Credit rating group, Moody’s sees Australia’s major supermarket chains – Woolies and Coles having a solid first half of the 2020-21 financial year, thanks to the continuing threat from COVID-19.
In a note issued yesterday Moody’s home improvement and office supplies groups (Metcash’s Mitre 10, Wesfarmers Bunnings and Officeworks) will see slowing growth as the pandemic-driven renovation and home office boom cools.
Moody’s said credit metrics for retailers will be broadly stable for 2021 as they continue to benefit from increased time at home due to the coronavirus outbreak.
Moody’s said that combined comparable-store sales growth for supermarkets giants Woolworths and Coles has averaged 6.7% for the past four quarters, with peak growth in the third quarter of 2019-20 as consumers stockpiled goods in the first wave of the coronavirus outbreak, followed by increased in-home consumption as time spent working and studying at home increased.
Moody’s said long-term annualised growth should remain between 2.5% and 3.5% with inflation remaining as a credit positive.
“While on a quarterly basis either Woolworths or Coles may outperform depending on their respective marketing campaigns during the period, the five-year combined average is 3.2 percent, and removing the unusually strong performance in 2H20, it is 2.4 percent,” Moody’s said in Monday’s note.
Meanwhile, home-improvement and office-supplies sales growth at Wesfarmers Limited’s Bunnings and Officeworks is likely to slow.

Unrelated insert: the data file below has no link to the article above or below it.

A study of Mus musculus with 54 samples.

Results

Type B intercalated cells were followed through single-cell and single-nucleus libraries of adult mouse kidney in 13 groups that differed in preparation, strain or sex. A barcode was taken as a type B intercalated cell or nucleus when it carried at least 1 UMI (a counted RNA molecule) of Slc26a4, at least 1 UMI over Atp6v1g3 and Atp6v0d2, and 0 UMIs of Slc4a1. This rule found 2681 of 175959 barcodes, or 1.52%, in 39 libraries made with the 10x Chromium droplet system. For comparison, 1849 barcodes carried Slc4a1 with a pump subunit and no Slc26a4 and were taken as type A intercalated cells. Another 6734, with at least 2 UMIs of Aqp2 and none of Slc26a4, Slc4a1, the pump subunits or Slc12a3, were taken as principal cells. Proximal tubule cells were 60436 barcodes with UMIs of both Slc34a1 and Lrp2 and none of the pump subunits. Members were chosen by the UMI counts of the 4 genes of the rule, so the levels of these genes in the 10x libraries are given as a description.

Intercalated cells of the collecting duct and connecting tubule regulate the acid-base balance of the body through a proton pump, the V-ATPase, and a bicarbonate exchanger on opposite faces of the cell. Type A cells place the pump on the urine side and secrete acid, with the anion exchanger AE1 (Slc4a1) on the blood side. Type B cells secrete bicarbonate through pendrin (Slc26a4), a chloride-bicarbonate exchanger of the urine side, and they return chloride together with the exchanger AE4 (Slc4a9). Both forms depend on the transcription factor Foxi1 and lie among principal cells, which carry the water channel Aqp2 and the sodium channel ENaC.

“Extraordinary growth in (the second half of FY20) likely pulled forward sales from fiscal 2021 in some categories and resulted in incremental sales at Officeworks that may otherwise never have occurred, such as home office furniture and electronics,” Moody’s said.
Moody’s said underperformance by discount-department stores may detract from credit quality at the group level of rated retailers.
The discretionary retail environment may also weaken as the government winds down support measures.
“However, consumer price sensitivity amid worsening economic conditions could support discount-store sales,” Moody’s said.
On a day when the wider market rose, the note had little impact on the share prices of the big three – Woolies shares lost 0.6% to $36.49, Wesfarmers shares dipped 0.07% to $44.97 but Coles shares ended up 0,18% at $17.17.